Hollywood and Los Angeles neighborhoods mirror a violent national pattern as pandemic hits the one-year mark.
By Serina Haynes
Asian communities that surround East Hollywood and the LACC neighborhoods of Thai Town, Koreatown, Chinatown and Little Tokyo remain on edge after a surge in hate crimes against Asian Americans since the pandemic began.
A streak of unprovoked violence against the elderly and vulnerable in Asian communities cast a shadow over the traditionally festive celebrations of the Lunar New Year last month. Since the start of the COVID-19 pandemic, a disease first identified in Wuhan, China, hate crimes against Asian Americans across the United States have increased.
Historically, they have been underreported, with little coverage in mainstream media.
Attacks are taking place across the United States, and they are happening in Los Angeles as well.
In Rosemead, a man identified as Matthew Leung was viciously beaten with his own cane while he waited for a bus in February. It resulted in the partial loss of a finger.
Recently, Higashi Honganji Buddhist Temple in Little Tokyo, Los Angeles experienced vandalism in the front of their temple; bronze lanterns pushed over and broken, wooden lanterns burned down, and the glass doors shattered.
Fed up with hate crimes agains Asian Americans, the community is rallying in Little Tokyo on March 13, at the Japanese American National Museum to create a grounding, healing space in the wake of anti-Asian violence.
Sean Miura, an organizer of the event, says, “The event is meant to be a healing space and also an opportunity to learn from people who work deeply within our communities. We want to broaden the conversation to highlight how these attacks are tied to problems like political failure, housing access, health services, over-policing, and more”.
The LAPD would not make an official statement about the rise in crime or any other attacks.
Hate crimes against Asian Americans in Los Angeles County have risen by 115% and 200% in Orange county since the pandemic began.
Connie Chung Joe is CEO of Asian Americans Advancing Justice, a Los Angeles group that advocates against violence that targets Asians and Pacific Islanders.
“Unfortunately, we’re a year into this pandemic, and we are starting to see again a rise in anti-Asian hate and some very violent attacks that have occurred in our community in the last month or two,” Chung Joe said in a recent article in the L.A. Times.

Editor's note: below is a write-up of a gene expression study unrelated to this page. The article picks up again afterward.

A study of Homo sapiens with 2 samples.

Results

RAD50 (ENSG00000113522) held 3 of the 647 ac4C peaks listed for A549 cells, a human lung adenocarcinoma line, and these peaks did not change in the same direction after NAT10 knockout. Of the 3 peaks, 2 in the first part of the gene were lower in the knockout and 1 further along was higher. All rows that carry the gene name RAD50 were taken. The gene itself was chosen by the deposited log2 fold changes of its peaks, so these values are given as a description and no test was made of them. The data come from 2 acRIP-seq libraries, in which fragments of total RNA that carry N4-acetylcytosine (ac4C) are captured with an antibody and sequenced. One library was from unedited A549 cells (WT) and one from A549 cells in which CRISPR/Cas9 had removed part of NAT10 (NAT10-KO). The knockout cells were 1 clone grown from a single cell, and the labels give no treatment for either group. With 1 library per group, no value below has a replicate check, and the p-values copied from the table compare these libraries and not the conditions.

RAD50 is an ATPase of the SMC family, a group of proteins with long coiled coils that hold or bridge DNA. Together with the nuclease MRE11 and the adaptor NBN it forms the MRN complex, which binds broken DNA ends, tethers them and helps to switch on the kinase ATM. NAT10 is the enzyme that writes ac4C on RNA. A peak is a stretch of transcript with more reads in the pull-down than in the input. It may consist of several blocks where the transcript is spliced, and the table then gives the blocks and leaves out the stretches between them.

Police say the crimes are a national problem. Former President Donald Trump fueled xenophobia against Asians when he attributed the COVID-19 to Asians, calling it the “Chinese Virus” and “Kung Flu,” a play-on-words referencing the Chinese martial art, Kung Fu.
These derogatory monikers not only played on a racist stereotype, but also stigmatized communities during a pandemic that already affected a disproportionate number of Black, Indigenous and People of Color (BIPOC) within the United States.
Other disturbing acts of violence against Asian Americans include the murder of Vicha Ratanapakdee, an elderly Thai man. He was violently pushed to the ground during his morning walk in San Francisco on Jan. 28. Ratanapakdee died days later from his injuries, causing public outrage from the unprovoked attack. San Francisco police have charged a man in Ratanapakdee’s murder.
According to CBS News, since COVID-19 hit the United States, anti-Asian hate crimes have risen by 1900%. As of February 2021, more than 2,800 incidents of discrimination had been reported since the pandemic began.
“I think the most devastating thing is the fact that there are people in America who have the audacity to target minorities, even in the midst of a pandemic,” said Emily Flores, a Thai student who attends LACC. “Some part of me believes, though, that some of these assaults are committed by people who use the COVID-19 misconception to justify explicit discrimination and racism.”
In Chinatown, the Lunar New Year is one of the biggest holidays of the year. It is a time for fresh starts and spending time with family. More than 1.5 billion people celebrate around the world according to USA Today.
In years past, L.A. Chinatown was a destination in February. Street vendors and local stores would sell ornate, red and gold decorations that depict the zodiac animal of the year. Lines form to get into the local dim sum eateries.
Residents dress in their festive best, and revelers pose for photos against the vibrant backdrop of Chinatown’s painted buildings and strung lanterns. The Thien Hau Temple kicks off the new year with incense burning, lion dancing, and the crackling of 500,000 firecrackers.
The pandemic gave the Lunar New year a different look. This year, Chinatown remained silent. Thien Hau Temple’s doors were closed, though the local markets were still selling Lunar New Year decorations. No firecrackers this year, and what few popping sounds there were left wisps of confetti paper blowing in the wind like dust and tumbleweeds in Wild West ghost towns.
The Chinatown Bike Patrol flanked the handful of shoppers running errands in the neighborhood, on high alert.
“It’s not just the pandemic, we all feel like targets this year,” said lifelong resident Bill Poon. “So, we don’t feel safe celebrating Lunar New Year even if social distancing measures are in place. Violence obviously crosses social distancing boundaries.”
Gifting red envelopes that contain cash is a Lunar New Year tradition. It symbolizes good wishes and luck for the new year ahead – and was motivation for someone who assaulted and robbed a 64-year-old grandmother in San Jose at the beginning of February. The attack prompted city leaders to publicly recommend not walking around with red envelopes as it could be seen as a target for easy money by criminals.